Day three: Dating the Early Stone Age site of Isimila

Here’s a diary of James Cole’s recent research trip to Tanzania as part of a project to date the early stone age site of Isimila.

31st August 2014

Today was an exciting day as Martin and I walked around the southern branch of the Isimila Karonga trying to piece together the geological story of the site in relation to the published material. The southern Karonga does not typically have much archaeology present within the deposits but it was very useful in terms of looking at the deposits and beginning to get an understanding of the geology, particularly the fantastically red coloured Holocene deposits shown below.

Southern branch of the Karonga

A view of the southern branch of the Karonga, note the red Holocene deposits and Isimila Hill in the background (Photo courtesy of Dr James Cole)

Day two: Dating the Early Stone Age site of Isimila

Here’s a diary of James Cole’s recent research trip to Tanzania as part of a project to date the early stone age site of Isimila.

30th August 2014

With some trepidation we set off at 0630 in the morning to continue our trip to Iringa where our site of interest – Isimila – was located and arrived there at about 1330. On arrival at our amazing campsite – Isimila African Gardens located right next to the Isimila Stone Age site we had a quick lunch and went down to meet the Museum Curator Mr Ngoma to sort out our access to the site and arrange the working hours and week. I also had the pleasure of introducing Martin to the site for the first time. Tomorrow we will spend the day walking around the site to try and make sense of the geology and the incredible archaeology that is found there.

Isimila African Gardens

Isimila African Gardens – view from our banda (Photo courtesy of Dr James Cole)

Day one: Dating the Early Stone Age site of Isimila

Here’s a diary of James Cole’s recent research trip to Tanzania as part of a project to date the early stone age site of Isimila.  It’s an account of his activities and adventures on the trip with his colleagues Dr Martin Bates (University of Wales, Trinity St David) and Dr Pastory Bushozi (University of Dar es Salaam).

The project is also part of a broader collaboration with Dr John McNabb (University of Southampton) who although was not with us on the trip this time, wrote about our first trip to Tanzania in May.

29th August 2014

We finally arrived in Dar es Salaam last night after a 15 hour trip from Heathrow via Dubai, collected our hire car and set off for Iringa (about 600km away) at 0630 in order to try and avoid the terrible traffic issues that plague Dar es Salaam. We got about 3 hours out of Dar es Salaam when there was a clunking sound and the car came to a screeching halt. The differential (for those who know about cars) had locked and we were stuck on a major road for 6 hours waiting for a replacement vehicle. Thank goodness we were travelling slowly, in between speed bumps, at the point of differential lock otherwise it could have been a very different story to the one written here.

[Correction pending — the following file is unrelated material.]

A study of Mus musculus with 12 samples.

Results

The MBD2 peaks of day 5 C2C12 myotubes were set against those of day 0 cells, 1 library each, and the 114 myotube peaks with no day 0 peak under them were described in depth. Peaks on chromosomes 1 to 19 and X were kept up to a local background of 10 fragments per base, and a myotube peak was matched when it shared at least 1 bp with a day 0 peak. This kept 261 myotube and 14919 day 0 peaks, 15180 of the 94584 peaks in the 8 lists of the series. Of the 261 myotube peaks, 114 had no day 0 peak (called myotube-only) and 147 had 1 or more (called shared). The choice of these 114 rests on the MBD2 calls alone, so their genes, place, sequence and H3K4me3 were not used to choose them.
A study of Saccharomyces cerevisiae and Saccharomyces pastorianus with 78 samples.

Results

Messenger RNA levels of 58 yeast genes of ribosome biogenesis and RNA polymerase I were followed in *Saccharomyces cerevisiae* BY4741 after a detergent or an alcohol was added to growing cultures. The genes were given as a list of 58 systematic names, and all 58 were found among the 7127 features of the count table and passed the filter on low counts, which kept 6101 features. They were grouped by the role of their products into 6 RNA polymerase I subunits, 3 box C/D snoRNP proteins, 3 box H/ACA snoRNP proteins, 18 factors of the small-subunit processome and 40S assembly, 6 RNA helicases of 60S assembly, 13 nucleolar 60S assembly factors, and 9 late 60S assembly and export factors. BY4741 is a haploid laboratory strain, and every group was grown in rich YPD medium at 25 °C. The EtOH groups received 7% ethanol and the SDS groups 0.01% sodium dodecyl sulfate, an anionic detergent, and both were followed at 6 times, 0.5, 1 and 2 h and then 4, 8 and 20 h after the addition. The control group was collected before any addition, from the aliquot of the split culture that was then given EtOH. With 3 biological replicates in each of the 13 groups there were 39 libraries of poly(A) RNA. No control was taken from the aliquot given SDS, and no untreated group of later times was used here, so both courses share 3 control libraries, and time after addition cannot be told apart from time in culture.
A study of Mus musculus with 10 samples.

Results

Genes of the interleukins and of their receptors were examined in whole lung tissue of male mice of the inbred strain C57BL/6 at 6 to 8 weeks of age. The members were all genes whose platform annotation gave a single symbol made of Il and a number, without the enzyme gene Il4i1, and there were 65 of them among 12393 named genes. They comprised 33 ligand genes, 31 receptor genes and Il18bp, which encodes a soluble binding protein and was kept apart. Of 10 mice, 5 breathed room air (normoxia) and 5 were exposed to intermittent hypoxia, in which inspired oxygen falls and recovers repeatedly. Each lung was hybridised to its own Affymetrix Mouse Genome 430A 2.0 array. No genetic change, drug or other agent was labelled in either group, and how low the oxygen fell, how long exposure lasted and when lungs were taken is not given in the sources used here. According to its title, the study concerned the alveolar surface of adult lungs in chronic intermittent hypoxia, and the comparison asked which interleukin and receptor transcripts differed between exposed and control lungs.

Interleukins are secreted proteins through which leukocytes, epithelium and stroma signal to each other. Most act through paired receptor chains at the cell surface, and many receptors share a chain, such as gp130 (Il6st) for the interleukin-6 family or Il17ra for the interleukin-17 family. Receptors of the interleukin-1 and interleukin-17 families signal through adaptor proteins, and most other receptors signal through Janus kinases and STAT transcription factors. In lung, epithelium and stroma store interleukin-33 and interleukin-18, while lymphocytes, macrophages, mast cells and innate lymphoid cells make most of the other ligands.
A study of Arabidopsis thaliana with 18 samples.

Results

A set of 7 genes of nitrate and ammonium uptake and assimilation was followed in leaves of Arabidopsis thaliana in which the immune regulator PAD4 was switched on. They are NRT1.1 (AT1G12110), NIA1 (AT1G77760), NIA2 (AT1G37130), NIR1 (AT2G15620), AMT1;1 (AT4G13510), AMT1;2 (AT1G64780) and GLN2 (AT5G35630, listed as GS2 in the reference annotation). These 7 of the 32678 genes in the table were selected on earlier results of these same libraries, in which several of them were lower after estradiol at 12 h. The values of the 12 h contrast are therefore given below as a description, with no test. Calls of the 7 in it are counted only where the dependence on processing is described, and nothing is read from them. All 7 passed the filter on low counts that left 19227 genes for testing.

roadside breakdown in Tanzania

Our first breakdown – removing the differential (Photo courtesy of Dr Martin Bates)

The replacement vehicle finally arrived at about 1730 and conscious (and nervous) about the impending drive in the dark on Tanzanian roads we set off as quickly as possible while there was still some day light. Noticing the fuel level was low we pulled into a service station and hour or so down the road. Having checked the registration documentation for the vehicle – which said diesel – we filled up and continued our journey – for about 5 metres… The car shuddered to a halt and a sinking feeling took hold of Martin and I – it was the wrong fuel, the engine had been changed to a petrol one. So we had to find a mechanic to help drain the tank and fix the engine before we could go any further.

breakdown in tanzania

Our second breakdown 2 – removing the diesel (Photo courtesy of Dr Martin Bates)

Fortunately we found an incredible mechanic who was training two young apprentices and together they had everything fixed within 3 hours or so. By this time it was 2130 at night and a thunderstorm had set in so we decided to sleep in the car at the service station and continue our journey in the morning.